February 7, 2023


William Klug

William Klug

A Westmont College alumnus was the victim of an apparent murder-suicide at UCLA on June 1 in a dispute over intellectual property.

William Klug, an associate professor of mechanical and aerospace engineering at UCLA, was killed in the shooting which left Klug, 39, and the shooter, Mainak Sarkar, dead.

Sarkar was a former graduate student at UCLA and, according to authorities, left a note at the scene saying he killed Klug after the professor gave some of Sakar’s intellectual property to another student.

Sarkar killed Klug in his office in a building called Engineering IV before killing himself.

Klug graduated from Westmont in 1997 with a bachelor’s degree in engineering physics and completed a master’s degree at UCLA and a doctorate at Cal Tech.

Westmont College President Gayle Beebe said in a statement June 2 that the school was shocked by Klug’s death.

“We’re deeply saddened by this tragic news and send our condolences to his wife, Mary Elise, also a Westmont graduate, and their family,” Beebe said.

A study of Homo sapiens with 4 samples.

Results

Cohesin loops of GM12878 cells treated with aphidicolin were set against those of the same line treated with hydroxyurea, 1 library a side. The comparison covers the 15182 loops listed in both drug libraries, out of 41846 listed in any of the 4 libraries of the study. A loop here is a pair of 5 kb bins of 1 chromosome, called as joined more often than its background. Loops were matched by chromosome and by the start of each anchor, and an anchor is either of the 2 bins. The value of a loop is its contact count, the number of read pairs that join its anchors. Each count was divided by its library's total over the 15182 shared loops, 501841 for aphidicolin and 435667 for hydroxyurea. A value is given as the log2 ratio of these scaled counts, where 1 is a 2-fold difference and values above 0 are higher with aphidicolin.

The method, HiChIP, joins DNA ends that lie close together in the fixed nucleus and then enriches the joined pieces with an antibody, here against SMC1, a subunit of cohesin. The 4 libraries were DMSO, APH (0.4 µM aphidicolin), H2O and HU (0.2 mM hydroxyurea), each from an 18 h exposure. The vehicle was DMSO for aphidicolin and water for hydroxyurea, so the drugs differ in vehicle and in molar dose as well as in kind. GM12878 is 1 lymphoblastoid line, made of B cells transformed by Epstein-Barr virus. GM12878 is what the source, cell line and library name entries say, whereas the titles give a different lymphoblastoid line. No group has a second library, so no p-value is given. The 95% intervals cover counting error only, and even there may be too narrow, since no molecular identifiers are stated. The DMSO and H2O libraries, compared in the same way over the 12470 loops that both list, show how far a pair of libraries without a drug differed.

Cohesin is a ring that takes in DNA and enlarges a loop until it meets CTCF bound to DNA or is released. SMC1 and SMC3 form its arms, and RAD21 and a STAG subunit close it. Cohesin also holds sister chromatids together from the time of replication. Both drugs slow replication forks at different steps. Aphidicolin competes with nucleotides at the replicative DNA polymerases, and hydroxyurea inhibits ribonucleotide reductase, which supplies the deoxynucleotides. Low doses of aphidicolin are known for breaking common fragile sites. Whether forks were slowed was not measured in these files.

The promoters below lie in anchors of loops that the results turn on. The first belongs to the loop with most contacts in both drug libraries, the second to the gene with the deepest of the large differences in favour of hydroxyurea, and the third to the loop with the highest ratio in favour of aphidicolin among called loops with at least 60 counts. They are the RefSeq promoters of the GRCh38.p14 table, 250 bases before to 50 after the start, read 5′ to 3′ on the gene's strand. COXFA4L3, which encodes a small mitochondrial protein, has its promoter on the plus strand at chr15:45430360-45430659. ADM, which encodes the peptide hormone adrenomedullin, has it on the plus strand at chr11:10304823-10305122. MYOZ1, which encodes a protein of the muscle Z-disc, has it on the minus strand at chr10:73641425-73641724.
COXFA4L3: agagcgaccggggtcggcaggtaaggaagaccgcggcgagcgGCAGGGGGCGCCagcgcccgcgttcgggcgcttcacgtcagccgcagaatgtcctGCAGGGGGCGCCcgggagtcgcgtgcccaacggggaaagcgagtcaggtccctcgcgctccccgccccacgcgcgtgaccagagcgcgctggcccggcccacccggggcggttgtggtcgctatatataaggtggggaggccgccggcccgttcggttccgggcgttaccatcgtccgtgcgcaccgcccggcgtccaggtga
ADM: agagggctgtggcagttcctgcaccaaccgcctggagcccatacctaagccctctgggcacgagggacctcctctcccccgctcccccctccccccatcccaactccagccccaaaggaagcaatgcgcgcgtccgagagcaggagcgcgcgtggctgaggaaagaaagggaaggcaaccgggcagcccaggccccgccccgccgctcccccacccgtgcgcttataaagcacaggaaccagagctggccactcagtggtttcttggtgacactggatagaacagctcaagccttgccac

Westmont physics professor Ken Kihlstrom remembered Klug as a gentle, kind person without a trace of arrogance, the school said in a statement. Kihlstrom also said Klug was an excellent student who conducted student research with two professors during his time there.

“He stayed connected to Westmont after he graduated, attended our Summer Research Symposium each year — he was the featured speaker one year — and also spoke in class occasionally.”

Klug said in a 2004 Westmont Magazine article that the school helped him open his eyes to the wonders of science.

“My young, naive, and parent-based beliefs went through a transformation,” Klug told Westmont Magazine at the time. “I basically chucked everything I knew and began to think and reason carefully. Eventually I made my faith my own. I ended up where I had started, but with a much deeper understanding.”

He even told the magazine that Westmont gave him a place where he could find that God and science can be used as a tool from God.

“Knowing there is a God responsible for the world makes a big difference in my motivation to understand it better,” Klug told the magazine. “It helps me keep things in the right perspective.”

• Contact Philip Joens at pjoens@pacbiztimes.com.